February 1 2015 Latest news:
Michael Pollitt, Agricultural editor
Thursday, March 13, 2014
An award-winning Norfolk poultry business has won a £5m contract to supply free-range chickens to a high street retailer.
Traditional Norfolk Poultry, which was a winner of the 2013 EDP’s business award for farming excellence, is increasing staff numbers by more than 25pc and creating 35 new jobs over the coming months.
Mark Gorton, who is a director of the specialist chicken and turkey business, started the business in 1987 with David Garner rearing a dozen bronze turkeys for the Christmas trade.
Now their business, which is based at Shropham, near Attleborough, and is a former winner of the Farmers Weekly Poultry Farmer of the Year Award, currently employs 130 staff.
Mr Gorton said that the first free-range chickens will be going into stores next month. “This will allow us to expand our farming base and to also recruit a number of new farmer growers to grow the birds for us,” he added.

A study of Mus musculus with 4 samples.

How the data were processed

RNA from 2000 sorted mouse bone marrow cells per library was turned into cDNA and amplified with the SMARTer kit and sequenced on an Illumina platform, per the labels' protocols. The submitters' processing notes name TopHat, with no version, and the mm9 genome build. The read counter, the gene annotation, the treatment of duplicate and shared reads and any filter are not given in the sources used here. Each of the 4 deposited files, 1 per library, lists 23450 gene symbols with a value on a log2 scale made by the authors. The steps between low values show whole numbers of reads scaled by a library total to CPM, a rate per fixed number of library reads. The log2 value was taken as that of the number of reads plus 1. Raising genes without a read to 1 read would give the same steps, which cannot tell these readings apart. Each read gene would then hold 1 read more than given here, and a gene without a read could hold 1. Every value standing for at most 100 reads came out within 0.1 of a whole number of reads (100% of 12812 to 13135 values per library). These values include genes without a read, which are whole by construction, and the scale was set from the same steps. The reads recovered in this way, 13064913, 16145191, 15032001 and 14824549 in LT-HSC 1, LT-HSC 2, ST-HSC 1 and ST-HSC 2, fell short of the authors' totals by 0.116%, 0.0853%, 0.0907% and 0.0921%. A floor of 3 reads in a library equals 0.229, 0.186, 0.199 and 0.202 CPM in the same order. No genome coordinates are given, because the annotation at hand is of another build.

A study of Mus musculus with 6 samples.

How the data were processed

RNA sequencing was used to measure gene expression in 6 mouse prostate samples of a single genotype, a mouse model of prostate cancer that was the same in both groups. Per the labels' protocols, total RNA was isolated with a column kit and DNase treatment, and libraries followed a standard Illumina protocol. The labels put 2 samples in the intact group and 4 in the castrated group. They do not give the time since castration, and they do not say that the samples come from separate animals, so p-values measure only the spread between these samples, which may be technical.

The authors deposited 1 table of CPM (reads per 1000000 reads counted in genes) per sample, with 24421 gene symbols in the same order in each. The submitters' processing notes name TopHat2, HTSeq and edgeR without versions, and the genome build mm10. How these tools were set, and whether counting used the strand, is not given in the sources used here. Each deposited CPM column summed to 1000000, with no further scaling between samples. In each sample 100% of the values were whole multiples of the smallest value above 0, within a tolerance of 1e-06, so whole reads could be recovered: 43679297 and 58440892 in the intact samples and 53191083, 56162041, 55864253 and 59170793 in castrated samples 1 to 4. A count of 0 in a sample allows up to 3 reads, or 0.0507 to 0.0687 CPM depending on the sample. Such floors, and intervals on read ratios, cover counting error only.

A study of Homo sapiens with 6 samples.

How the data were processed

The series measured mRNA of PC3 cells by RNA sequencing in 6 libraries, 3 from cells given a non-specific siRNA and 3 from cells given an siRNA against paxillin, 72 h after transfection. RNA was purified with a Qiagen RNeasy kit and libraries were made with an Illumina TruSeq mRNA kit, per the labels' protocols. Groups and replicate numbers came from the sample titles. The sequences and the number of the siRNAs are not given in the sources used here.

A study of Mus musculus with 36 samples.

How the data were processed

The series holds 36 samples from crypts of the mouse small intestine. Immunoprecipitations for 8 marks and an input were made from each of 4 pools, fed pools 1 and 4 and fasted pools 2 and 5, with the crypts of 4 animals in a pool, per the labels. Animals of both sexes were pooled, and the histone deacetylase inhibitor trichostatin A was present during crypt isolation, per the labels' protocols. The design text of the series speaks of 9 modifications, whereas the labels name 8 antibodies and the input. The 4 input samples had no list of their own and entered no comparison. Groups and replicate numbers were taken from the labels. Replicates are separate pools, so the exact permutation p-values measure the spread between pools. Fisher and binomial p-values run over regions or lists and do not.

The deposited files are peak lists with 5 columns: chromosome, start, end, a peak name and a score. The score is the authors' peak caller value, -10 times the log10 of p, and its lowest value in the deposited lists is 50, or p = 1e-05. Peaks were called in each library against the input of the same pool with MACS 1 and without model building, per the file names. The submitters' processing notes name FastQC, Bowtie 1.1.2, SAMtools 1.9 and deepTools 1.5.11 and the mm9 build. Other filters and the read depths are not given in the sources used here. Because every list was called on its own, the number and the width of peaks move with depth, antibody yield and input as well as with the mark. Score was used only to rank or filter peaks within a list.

“We’re recruiting another 35 staff in our processing factory and also on farms rearing the birds,” added Mr Gorton.
The business, which rears poultry including the range of specially-bred Norfolk Black Chickens for Sainsbury’s on a total of about 50 farms in Norfolk and Suffolk, is looking to take on more contract farmers. “There is also the potential for more contract farmers to grow for us,” said Mr Gorton, who said that most of their production was on light land farms within a radius of about 25 miles.
He said the immediate goal was to find new sites for rearing free-range chickens, which were typically kept in smaller flocks of up to 5,000 birds.
TNP also had a very successful Christmas campaign with sales up 35pc on the previous year. While last year was very difficult following a surge in poultry feed prices and the long, cold spring, the business was able to “knuckle down and weather the storm” and had flourished over the past two quarters, said Mr Gorton.
Since the launch of the Norfolk Black Chicken about 18 months ago, which was launched exclusively with Sainsbury’s sales have been rising continuously.
The next goal was to increase sales into the food service sector, and especially pubs, hotels and restaurants.
Around 2,000 Tesco workers discovered their jobs were at risk after the supermarket giant disclosed the locations of 43 store closures including two in Essex - a Homeplus store at Chelmsford and a smaller store in Heybridge.